Paleontologist Michael Archer, Fellow of the Academy since 2002, has over 30 years’ experience in the evolutionary history of marsupials and monotremes.
It’s hard to single out one thing, but one was the 1983 discovery in north-western Queensland of one of the richest fossil deposits in the world. The area they were found in is now the Riversleigh World Heritage property. I was standing on a rock trying to spot a colleague who was carrying our maps. When I looked down, I realised that the rock I was standing on was bristling with the fossilised jaws, skulls and teeth of more than 35 new kinds of mammals. They were 15 million year old and the first of more than 200 new fossils mammals subsequently found at Riversleigh. It was the kind of fossil deposit we had all dreamed of finding, and suddenly here it was — a very exciting moment!
Palaeontology will be increasingly assisted by new technology such as remote sensing using satellites but still dependent on ARC-funding, expeditions, hard work on the ground and serendipity. While we continue to find dozens of new often extraordinary kinds of extinct animals every year, there will be new ways to analyse these fossils and help reconstruct their life styles and relationships, ancient environments, changing climates and changing fortunes through time. Improvements and new discoveries involving dating technologies will give us ever better understanding about when and how our unique Australian biotas transformed from ancient times to become the way we see them today. I am also convinced that within the next 50 years we will be able to use new technology and new understanding to bring some extinct species back to life.
Since returning to Australia (I was born here) in 1967, I’ve been fascinated by everything to do with Australia’s unique native mammals — their modern biodiversity, biology, behaviour and of course all aspects of their history, which documents how they became what we see today. Because there are as many or more families of marsupials and monotremes that are extinct than survive, it would be very hard not to be at least as fascinated with the often bizarre extinct forms such as marsupial lions as with modern groups such as thylacines and marsupial moles. Since its separation from Antarctica 38–35 million years ago, Australia has been host to a menagerie of mammals which collectively are just as intriguing as those from the rest of the world. Of course we are also fascinated to explore the threads through time that link some of these lineages into the biotas of Antarctica and South America. Finding platypuses 61 million years old in Argentina was a real eye-opener of this kind.
Many individuals, from professionals who took time out to mentor me when I was a kid about the fossils I collected, to profoundly inspirational teachers who stretched my mind, such as Mr Smith who taught me philosophy at Princeton University, gods in my field like George Gaylord Simpson who took a personal interest in my PhD research, intellectually eclectic colleagues like David Ride who inspired and assisted my early work with living as well as fossil marsupials, brilliant innovators like Craig Venter and Bob Lanza who encouraged me to try what others said was a waste of time (recovering the DNA of extinct animals), awesome science communicators like David Attenborough, Robyn Williams and Paul Willis, who inspire millions to catch the ‘science bug’, vital science writers such as Bob Beale, Mary White and Leigh Dayton who ‘translate’ often jargon-riddled discoveries into words that can be understood by everyone, visionary individuals such as Dick Smith, Phil Creaser, Gary Johnson and Ken Pettit who help others to become explorers at the unknown edges of science, professionals in their fields such as Suzanne Hand and Henk Godhelp who are not only leaders but spend enormous amounts of time making sure the public understands why what they are doing is so important and many others. But perhaps the most inspirational to me are those professionals as well as members of the public who dare to be really different, who are willing to take personal risks to test the limits of the unknown, no matter what they do for their day job.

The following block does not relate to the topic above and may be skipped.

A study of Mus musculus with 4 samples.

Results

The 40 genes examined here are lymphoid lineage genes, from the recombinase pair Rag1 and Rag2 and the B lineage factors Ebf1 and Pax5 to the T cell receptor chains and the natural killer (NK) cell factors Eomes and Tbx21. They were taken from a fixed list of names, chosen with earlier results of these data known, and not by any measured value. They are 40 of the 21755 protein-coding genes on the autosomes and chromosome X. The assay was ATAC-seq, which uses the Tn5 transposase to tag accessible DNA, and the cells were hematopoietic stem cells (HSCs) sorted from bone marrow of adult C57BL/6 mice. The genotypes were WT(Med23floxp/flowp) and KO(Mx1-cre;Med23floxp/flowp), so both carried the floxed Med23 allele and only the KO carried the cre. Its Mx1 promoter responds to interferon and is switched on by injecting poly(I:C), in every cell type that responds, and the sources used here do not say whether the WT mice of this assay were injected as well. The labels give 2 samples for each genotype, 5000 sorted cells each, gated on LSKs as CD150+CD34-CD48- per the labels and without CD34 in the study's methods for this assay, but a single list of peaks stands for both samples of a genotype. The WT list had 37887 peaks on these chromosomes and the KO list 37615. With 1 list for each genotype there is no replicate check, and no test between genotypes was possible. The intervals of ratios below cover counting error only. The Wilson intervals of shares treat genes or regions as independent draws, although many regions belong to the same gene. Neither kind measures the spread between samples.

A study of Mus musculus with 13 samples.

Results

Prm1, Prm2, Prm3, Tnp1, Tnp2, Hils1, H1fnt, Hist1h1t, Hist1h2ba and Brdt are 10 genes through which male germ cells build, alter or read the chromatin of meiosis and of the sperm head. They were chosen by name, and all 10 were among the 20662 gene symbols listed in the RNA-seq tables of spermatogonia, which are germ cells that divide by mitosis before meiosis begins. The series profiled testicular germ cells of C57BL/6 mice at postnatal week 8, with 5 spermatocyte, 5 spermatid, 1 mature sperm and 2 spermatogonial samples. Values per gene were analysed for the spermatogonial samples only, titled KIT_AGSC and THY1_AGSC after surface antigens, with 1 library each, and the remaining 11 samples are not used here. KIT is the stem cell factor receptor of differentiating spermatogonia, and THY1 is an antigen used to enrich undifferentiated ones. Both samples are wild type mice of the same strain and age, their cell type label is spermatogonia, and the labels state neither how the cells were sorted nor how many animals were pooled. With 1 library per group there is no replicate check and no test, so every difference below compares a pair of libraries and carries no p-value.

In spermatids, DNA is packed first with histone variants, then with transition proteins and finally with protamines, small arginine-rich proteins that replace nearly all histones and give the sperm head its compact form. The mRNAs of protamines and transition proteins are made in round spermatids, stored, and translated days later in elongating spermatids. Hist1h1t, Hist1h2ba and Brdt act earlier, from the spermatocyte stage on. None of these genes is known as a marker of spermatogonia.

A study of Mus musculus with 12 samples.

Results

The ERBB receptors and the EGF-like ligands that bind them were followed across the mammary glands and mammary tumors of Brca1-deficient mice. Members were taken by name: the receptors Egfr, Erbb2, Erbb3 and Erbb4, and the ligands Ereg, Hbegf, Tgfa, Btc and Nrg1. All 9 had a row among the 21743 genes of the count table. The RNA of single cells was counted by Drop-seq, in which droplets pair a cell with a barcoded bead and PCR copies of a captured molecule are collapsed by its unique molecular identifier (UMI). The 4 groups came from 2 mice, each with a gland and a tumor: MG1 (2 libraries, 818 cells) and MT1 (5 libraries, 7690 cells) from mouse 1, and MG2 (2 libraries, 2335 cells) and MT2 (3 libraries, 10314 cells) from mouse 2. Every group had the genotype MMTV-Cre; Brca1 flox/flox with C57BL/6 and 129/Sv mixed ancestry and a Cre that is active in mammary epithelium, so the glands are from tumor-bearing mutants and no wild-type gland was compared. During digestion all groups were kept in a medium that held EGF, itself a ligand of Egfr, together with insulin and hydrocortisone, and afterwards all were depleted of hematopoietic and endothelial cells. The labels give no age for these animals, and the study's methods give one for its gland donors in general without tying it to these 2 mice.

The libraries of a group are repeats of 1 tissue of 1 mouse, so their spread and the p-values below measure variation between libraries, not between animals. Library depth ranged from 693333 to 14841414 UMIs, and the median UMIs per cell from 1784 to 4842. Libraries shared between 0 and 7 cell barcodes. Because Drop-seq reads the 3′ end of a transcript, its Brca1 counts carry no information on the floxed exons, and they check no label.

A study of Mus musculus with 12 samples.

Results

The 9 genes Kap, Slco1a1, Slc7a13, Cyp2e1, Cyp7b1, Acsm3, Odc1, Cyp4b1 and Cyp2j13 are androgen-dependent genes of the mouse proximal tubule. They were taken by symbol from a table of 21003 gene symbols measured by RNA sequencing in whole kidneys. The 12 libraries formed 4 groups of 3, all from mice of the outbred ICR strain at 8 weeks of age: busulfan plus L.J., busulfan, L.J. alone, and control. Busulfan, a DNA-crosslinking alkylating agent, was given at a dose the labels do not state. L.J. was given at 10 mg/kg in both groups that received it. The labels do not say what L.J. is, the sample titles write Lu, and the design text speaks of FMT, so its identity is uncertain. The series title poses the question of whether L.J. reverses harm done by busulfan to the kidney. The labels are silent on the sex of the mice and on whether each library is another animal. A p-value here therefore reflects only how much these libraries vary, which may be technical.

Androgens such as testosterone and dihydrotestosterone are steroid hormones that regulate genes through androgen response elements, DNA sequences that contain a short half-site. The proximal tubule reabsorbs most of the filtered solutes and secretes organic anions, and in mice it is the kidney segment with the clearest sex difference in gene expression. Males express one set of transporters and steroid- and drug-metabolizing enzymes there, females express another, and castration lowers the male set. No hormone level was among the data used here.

Growing up in the Appalachia in the US meant I became quite good at playing the five-string banjo and making moonshine. But my interests in science tended to isolate me from kids of my own age, so most of my memories from those days relate to forays on my own into the natural biological and geological worlds of the Catskills Mountains. Fortunately, shortly after Sputnik beeped its way over the US in 1957, scaring the government of the day into realising that they were falling behind the Russians in science, a program of science fairs was initiated at local and national levels to build up interest in excelling in science. These for me were a wonderful opportunity to not be embarrassed about being interested in science. I could mingle with other kids my age who were similarly driven. It’s the reason I would love to see a similar national program developed and funded in Australia. When governments clearly demonstrate through programs of this kind that they value kids focusing their lives on science, many step up to that plate and science magic happens.